Spoilers ahead for Episode 7 of And Just Like That…
Let me begin by saying that, despite what I consider to be its many flaws, I really have been enjoying watching and covering And Just Like That and discussing the show with friends. I wouldn’t say I’ve been “hate-watching” the Sex and the City revival, but I’ve definitely been viewing it with skepticism, bemusedly laughing off its many odd and uncomfortable moments. The show’s absurdity and its missteps have been legitimately entertaining!
But with Episode 7, “Sex and the Widow,” I kinda hit a wall. By all accounts—and, full disclosure, I’ve read a couple since 7am this morning—this is, or is meant to be, the episode in which Carrie, and by extension AJLT, gets her groove back. Or starts to, anyway. She’s finally writing again. Or maybe she has been this whole time; hard to tell based on the dizzying array of seasonal weather in the episode’s opening montage. But then, we are living in an era of extreme weather and climate collapse, so who knows! Regardless, three atmospherically chaotic months after the events of the previous episode, Carrie has finished a memoir about grieving the death of her husband and is pressured into going out on a date by her caffeine jacked publisher in order to add a “glimmer of hope” to her depressing book.
Thus, some have interpreted this episode as reviving Sex and the City’s fun, dating-adventures-of-a-single-gal vibe. And of them I ask: Are we watching the same show? “Sex and the Widow” is not what I would call fun. No one, neither the characters nor the actors, seems to be enjoying themselves at this point. And that’s saying something on a show that has already given us both a funeral and Che Diaz’s stand-up. Carrie seems profoundly uncomfortable on her date with possible Jack Berger clone Peter (Jon Tenney). True, they get hammered and leave the restaurant in peals of laughter, but we never really see them connecting or what exactly they got such a kick out of. And then, of course, they vomit all over themselves and each other. Super fun and sexy, gang!
Their date isn’t the only thing the episode yadda-yaddas. See above re: Carrie’s writing time warp. Also, we’re missing the connective tissue whereby Seema is suddenly having dinner with Carrie and the girls. When did she meet Charlotte and Miranda? Is this their first group outing? It’s not that we can’t infer that they’ve already met and hit it off, but it would have been nice to see how she was integrated into this very cliquish friend group. It would also have been more for the absolutely fabulous Sarita Choudhury to do!
Meanwhile, everyone is fighting. Miranda and Steve can barely seem to stand each other, and their abortive attempt to reignite their sex life is almost as uncomfortable to watch as Miranda’s kitchen tryst with Che. Meanwhile, Harry and Charlotte and LTW and Herbert all seem to be fighting just to give them something to do. I suppose the show is trying to make a point about how all couples fight or whatever, but watching these particularly trivial disagreements play out feels about as awkward as going to a real party where the hosts are fighting. You don’t really care what’s going on between them, you just really want to not be there.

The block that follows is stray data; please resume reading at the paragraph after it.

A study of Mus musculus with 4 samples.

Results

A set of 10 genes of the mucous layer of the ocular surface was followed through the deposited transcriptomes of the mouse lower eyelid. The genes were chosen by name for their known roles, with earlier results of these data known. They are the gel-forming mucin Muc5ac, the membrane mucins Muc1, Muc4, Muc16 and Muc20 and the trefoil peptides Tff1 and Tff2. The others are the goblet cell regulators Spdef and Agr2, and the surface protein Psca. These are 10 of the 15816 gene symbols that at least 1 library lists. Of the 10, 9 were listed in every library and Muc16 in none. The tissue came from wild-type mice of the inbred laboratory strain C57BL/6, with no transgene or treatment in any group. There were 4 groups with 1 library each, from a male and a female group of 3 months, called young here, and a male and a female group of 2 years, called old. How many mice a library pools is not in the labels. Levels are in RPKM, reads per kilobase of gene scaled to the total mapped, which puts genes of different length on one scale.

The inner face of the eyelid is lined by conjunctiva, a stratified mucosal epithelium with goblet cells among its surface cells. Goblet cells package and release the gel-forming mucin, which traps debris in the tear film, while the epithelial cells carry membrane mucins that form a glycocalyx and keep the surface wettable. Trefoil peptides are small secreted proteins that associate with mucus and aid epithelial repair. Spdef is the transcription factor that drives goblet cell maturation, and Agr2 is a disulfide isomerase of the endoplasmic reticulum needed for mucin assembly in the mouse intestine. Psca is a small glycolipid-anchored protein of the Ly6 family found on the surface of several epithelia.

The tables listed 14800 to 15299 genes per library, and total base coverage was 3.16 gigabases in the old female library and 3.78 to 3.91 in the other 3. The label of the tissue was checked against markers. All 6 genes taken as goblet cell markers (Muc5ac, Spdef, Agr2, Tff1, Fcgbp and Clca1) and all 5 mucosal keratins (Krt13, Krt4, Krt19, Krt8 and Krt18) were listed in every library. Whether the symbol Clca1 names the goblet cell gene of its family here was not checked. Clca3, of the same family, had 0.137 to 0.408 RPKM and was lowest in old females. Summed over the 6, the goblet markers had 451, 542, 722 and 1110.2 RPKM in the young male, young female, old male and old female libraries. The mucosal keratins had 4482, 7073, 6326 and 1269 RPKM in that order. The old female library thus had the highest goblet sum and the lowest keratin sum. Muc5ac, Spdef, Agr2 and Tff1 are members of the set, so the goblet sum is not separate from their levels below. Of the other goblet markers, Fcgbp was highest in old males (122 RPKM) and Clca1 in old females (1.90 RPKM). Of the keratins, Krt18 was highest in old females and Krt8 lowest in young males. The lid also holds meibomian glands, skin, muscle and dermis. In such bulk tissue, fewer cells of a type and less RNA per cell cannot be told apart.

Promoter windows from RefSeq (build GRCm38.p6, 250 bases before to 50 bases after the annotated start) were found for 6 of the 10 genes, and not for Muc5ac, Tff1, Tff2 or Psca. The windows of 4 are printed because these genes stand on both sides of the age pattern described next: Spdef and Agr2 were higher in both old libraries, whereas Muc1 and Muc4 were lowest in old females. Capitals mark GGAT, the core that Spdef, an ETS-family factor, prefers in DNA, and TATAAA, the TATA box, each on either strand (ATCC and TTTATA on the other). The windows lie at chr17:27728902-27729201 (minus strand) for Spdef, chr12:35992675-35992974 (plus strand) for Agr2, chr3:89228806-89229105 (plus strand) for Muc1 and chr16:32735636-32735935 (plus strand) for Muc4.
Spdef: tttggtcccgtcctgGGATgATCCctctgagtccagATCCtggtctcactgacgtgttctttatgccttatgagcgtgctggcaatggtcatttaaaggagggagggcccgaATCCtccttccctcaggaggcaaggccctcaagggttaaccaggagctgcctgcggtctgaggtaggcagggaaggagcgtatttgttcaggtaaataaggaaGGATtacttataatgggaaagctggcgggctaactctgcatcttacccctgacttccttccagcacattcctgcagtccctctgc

Even Naya Wallace and her saintly husband Andre are fighting! Their spat ratchets up the tension, not only because it has to do with their very real, grown-up fertility journey, but also because of when and where it takes place. The episode has the couple driving in Brooklyn, presumably so that Andre can inadvertently find out that Naya isn’t pregnant when her car’s virtual assistant reads a text from Miranda. But hovering over the scene is the chilling specter of something much more serious. Naya is, of course, driving while Black. At several points, she seems to be paying less attention to the road than is wise for anyone. After she nearly hits a white gay couple and their toddler, one of the men verbally accosts Naya and Andre, going so far as to strike the outside of their car. They ultimately laugh it off, but I watched this whole scene terrified that it would escalate into Very Special Episode territory—not because a show featuring Black characters necessarily has to include scenes of racism and police violence, but because I didn’t trust this show to know better than that. There is so much in this scene that feels ill-considered, it was painful to watch.
The episode culminates at a benefit for Charlotte and LTW’s kids’ exclusive Upper East Side private school. This is the kind of set piece that would have had a madcap screwball energy in the original Sex and the City. Remember the black and white ball in Season 4? Or literally any other party the girls went to that seemed…fun? This auction does not seem fun. No one seems to want to be there, and even that isn’t really played for comedy. Carrie seems like she would rather be anywhere else—even her austere dress has a very I’m-just-here-because-I-have-to-be kind of energy; no whimsy, no fun. She’s also surprisingly ungracious when she’s being auctioned off. In what is becoming a theme on this show, her discomfort isn’t so much entertaining to watch as it is just awkward.
In the end, Carrie agrees to go on another date with Pete Burger (Burg-Peter? I’m still workshopping this), and claims to have found the glimmer of hope she was looking for. Could. Have. Fooled. Me. I honestly didn’t think And Just Like That could get any more awkward, but “Sex and the Widow” proved me wrong. Still, maybe this dull, workmanlike episode was the nadir of the season. If Carrie has indeed gotten her groove back, maybe it’s all uphill from here. There’s my glimmer of hope.